The effects of experimental wetland warming and drying on subarctic wood frogs
Freshwater ecosystems are predicted to be heavily impacted by climate change over the next century. These temperature increases are expected to disproportionally affect temporary wetlands and polar ecosystems. Current research on climate-related impacts in polar regions has primarily focused on fishes and aquatic invertebrates. However, other polar freshwater organisms, such as amphibians, are sensitive to environmental change and will likely be strongly affected by climate change. For example, changes in air temperature could affect larval amphibian growth and survival through both increases in water temperature and decreases in wetland hydroperiod.
In order to evaluate the effects of wetland warming and drying on growth and survival of larval amphibians, we conducted an experiment in 378-L experimental wetlands with wood frogs (Rana sylvatica) located at Churchill, Manitoba, Canada. We fully crossed three warming treatments (ambient temperature, +1°C, +2°C) with three drying treatments (fast, moderate, semi-permanent) and measured survival, size at, and time to metamorphosis. Each wetland was stocked with 25 wood frog tadpoles (Gosner stage = 25) and also received 100 g of dried sedge added to filtered lake water.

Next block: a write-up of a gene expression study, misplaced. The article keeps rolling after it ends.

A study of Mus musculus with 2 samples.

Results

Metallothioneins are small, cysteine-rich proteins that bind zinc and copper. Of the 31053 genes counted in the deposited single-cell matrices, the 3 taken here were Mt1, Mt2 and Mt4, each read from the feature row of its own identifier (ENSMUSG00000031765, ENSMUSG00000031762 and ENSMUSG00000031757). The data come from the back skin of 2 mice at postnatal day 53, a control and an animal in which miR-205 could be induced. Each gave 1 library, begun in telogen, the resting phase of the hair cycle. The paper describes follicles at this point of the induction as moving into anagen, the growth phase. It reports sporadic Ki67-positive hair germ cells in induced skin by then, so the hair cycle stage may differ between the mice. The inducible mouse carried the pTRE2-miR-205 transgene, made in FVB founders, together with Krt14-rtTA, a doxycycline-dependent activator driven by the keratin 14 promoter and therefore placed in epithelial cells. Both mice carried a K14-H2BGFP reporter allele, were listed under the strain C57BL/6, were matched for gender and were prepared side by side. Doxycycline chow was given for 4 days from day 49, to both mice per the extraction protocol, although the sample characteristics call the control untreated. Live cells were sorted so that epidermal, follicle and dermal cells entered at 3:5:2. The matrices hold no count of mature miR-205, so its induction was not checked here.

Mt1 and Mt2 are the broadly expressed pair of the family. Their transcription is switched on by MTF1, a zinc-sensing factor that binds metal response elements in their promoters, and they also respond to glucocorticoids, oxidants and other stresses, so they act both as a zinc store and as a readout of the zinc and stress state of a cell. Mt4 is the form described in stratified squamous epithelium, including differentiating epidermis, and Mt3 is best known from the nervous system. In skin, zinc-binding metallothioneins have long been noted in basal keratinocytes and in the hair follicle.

The proportion of wood frogs that survived to metamorphosis increased with warming temperature and wetland hydroperiod. The effect of wetland drying was independent of the effect of wetland warming. Size at metamorphosis was not affected by drying or warming treatment. Wood frogs did respond wetland drying by emerging earlier from fast-drying wetlands. Warming also affected wood frog time to metamorphosis with the +2°C treatments producing the earliest metamorphs.
Our results suggest the effects of future temperature increases on wood frogs will be complex. While our results show larval wood frogs from the subarctic have some capacity to accelerate their developmental rate in response to environmental change, it is uncertain if their response will be enough to offset a net reduction in survival. Overall, our experiment provides a significant advancement in understanding how polar amphibians will respond to future climate change.